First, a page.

The necessity to analyze the text systematically goes beyond linguistics into political science. The value of content taken from mass media is often bigger than it seems with all the implications hidden in it. The importance of studying content arose during Nazi propaganda in World War II, and Communist ideologists also manipulated their people through mass communications.
Content analysis helps to discover everything that is beyond text, i.e. the leader’s personality or their intention. Scholars also study the impact of context through such analysis. Not only written text but also transcripts of oral communication or body language fall under content analysis. Importantly, content analysis does not alter the behavior of the subject. In fact, scholars do not require a direct communication with speakers to analyze their messages. The procedure of content analysis is relatively easy and cheap. A single investigator who has an access to texts and recorded communication can perform the analysis for an affordable payment.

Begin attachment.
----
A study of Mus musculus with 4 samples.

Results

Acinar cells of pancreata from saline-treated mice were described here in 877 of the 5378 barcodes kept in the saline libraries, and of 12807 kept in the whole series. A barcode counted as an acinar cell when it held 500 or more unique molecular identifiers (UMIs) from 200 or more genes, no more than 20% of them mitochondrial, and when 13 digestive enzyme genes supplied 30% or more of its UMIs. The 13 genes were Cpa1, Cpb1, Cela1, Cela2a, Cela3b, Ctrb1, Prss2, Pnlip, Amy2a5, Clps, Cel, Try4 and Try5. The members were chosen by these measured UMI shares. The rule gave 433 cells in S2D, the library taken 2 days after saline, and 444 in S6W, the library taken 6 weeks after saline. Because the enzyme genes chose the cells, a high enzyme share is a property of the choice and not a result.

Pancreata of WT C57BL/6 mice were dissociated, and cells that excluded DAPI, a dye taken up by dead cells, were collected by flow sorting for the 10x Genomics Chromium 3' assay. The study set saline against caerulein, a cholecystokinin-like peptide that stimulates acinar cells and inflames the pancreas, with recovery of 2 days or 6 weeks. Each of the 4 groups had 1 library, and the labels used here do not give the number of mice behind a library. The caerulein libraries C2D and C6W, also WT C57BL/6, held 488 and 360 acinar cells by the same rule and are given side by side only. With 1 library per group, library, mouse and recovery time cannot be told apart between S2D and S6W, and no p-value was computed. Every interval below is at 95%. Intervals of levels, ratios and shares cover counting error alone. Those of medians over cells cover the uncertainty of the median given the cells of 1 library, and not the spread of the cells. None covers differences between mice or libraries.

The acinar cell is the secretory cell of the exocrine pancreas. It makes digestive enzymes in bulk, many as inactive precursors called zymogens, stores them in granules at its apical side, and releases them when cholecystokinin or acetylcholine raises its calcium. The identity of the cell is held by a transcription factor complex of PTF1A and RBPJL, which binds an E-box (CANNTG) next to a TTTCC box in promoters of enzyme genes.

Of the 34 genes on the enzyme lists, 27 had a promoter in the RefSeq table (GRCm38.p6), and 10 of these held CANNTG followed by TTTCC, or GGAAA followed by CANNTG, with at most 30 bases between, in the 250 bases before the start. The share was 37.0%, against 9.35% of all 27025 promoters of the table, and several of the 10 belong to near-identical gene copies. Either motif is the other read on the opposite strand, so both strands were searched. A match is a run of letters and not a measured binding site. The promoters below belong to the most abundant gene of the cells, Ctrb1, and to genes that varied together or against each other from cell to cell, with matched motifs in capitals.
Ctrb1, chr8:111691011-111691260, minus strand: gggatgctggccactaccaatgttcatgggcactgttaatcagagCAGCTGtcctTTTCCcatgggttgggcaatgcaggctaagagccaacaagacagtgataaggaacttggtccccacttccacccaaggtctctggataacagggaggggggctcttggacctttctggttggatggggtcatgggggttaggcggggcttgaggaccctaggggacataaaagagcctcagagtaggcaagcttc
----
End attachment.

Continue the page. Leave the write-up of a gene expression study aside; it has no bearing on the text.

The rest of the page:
Under content analysis, we understand quantitative assessment of texts performed in a systematic manner. Qualitative analysis lacks an explicit coding scheme and it cannot detect the intention of a speaker in full. Systematic nature makes quantitative analysis less dependent on the ability of the investigator to focus on the evidence they see decoding the text.
During the analysis, investigators detect manifest and latent content. Manifest is the surface meaning of the text that disguises the deeper symbolic meaning of the latent content. The manifest content is easier to code with clear and systematic coding rules. The underlying latent content is the expertise of a qualitative discourse analysis that is less transparent.